A week ago, I visited an event of Said Business School for those applying for EMBA. A little bit late for me, as I had already been admitted, but at the meeting I could ask some questions. One of them was about the acceptance rate. The official version is that they have roughly 200 applications for 70 places, which means 35%. To be honest, I believe that the rate is overstated, and the real rate falls between 40 and 50%. The reason for the doubt is that the acceptance rate of 25-30% is typical for American business schools, and their European peers usually have a higher rate. Even so, Oxford is a fast growing school, and its EMBA programme has a good rating, so that result could be plausible.
The acceptance rate is usually published for the regular MBA in the US. It looks like the publications there are mandatory and audited, as all business schools participate in the process. However, even if the numbers are correct, their meaning can be misleading. To explain that, let’s compare the two cases that I know personally: the CFA exam and entering an MBA.
The person taking the CFA exam passes or gets nothing. There is no alternative result, and in that case for the 40% pass rate there are 60% who lose. The pass rate explains the difficulty rate of the exam for those, who expect to take the exam. In the case of an MBA, you can apply to 2, 5 or 10 business schools, the cost of each attempt is about $100 and one additional day of your time. The admission criteria are deliberately vague and nobody knows their chance, so why not try?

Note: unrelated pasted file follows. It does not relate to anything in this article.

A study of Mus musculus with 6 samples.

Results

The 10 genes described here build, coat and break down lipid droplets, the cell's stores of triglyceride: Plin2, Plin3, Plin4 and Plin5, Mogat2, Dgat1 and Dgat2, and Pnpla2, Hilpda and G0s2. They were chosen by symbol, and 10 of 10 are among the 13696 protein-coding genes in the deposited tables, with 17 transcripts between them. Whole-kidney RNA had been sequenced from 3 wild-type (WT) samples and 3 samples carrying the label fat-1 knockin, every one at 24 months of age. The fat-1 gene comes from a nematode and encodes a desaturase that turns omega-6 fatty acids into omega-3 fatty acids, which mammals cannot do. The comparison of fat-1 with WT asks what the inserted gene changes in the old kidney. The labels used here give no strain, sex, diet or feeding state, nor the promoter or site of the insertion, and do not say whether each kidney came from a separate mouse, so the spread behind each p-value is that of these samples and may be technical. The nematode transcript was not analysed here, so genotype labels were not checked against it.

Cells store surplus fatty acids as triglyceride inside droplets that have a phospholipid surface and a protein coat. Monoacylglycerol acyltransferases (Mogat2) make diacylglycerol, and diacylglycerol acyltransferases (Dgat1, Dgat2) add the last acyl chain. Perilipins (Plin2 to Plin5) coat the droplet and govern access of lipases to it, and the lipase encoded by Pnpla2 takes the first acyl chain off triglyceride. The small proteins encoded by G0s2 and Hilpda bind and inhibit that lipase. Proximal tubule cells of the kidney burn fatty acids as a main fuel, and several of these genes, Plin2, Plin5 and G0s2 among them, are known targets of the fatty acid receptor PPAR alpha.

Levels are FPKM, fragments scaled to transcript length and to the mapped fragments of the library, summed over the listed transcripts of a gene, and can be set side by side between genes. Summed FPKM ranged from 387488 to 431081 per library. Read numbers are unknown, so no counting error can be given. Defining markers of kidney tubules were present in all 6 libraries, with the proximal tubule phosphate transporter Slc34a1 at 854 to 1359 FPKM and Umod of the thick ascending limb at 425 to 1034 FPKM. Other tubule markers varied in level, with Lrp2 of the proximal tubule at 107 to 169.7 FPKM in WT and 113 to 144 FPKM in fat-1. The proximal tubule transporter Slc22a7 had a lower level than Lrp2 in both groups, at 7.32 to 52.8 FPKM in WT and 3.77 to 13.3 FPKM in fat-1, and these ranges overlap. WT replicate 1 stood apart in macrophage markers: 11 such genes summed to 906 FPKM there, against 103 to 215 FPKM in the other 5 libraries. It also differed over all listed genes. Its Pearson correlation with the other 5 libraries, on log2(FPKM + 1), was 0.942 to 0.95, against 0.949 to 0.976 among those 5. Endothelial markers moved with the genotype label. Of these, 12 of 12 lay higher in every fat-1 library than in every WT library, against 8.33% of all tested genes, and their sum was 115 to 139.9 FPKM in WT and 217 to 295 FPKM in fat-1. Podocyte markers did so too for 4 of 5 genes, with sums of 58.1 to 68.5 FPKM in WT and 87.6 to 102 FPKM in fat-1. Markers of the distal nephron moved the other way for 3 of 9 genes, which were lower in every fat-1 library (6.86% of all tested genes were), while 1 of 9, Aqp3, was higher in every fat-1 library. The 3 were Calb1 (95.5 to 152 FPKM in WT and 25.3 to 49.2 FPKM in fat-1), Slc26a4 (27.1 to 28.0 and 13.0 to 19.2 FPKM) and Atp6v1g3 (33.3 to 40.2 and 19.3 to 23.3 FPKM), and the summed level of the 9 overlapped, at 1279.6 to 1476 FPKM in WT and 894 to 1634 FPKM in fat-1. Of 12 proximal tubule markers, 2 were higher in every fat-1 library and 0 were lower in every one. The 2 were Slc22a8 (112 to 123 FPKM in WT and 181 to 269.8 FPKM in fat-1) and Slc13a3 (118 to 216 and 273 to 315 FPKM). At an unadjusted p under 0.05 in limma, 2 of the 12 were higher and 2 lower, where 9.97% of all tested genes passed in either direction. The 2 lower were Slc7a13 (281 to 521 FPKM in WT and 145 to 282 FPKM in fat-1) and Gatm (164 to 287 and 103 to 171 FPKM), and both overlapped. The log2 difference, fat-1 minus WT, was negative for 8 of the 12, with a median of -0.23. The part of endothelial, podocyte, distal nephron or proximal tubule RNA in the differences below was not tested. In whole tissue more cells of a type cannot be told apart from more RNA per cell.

As a result, the average number of applications per student is somewhere between 3 and 5, and the acceptance rates must be multiplied by this number. The acceptance rate of 20% means that 60-100% of the applicants were accepted by one of the schools. Everyone is a winner in this case. Moreover, most applicants apply to at least one of the top business schools, even if they have almost no chance of being accepted. That boosts the visible competition in those schools beyond the clouds. Therefore, those beautiful numbers of acceptance rates less than 10% reflect the business school’s status, but not the level of real competition.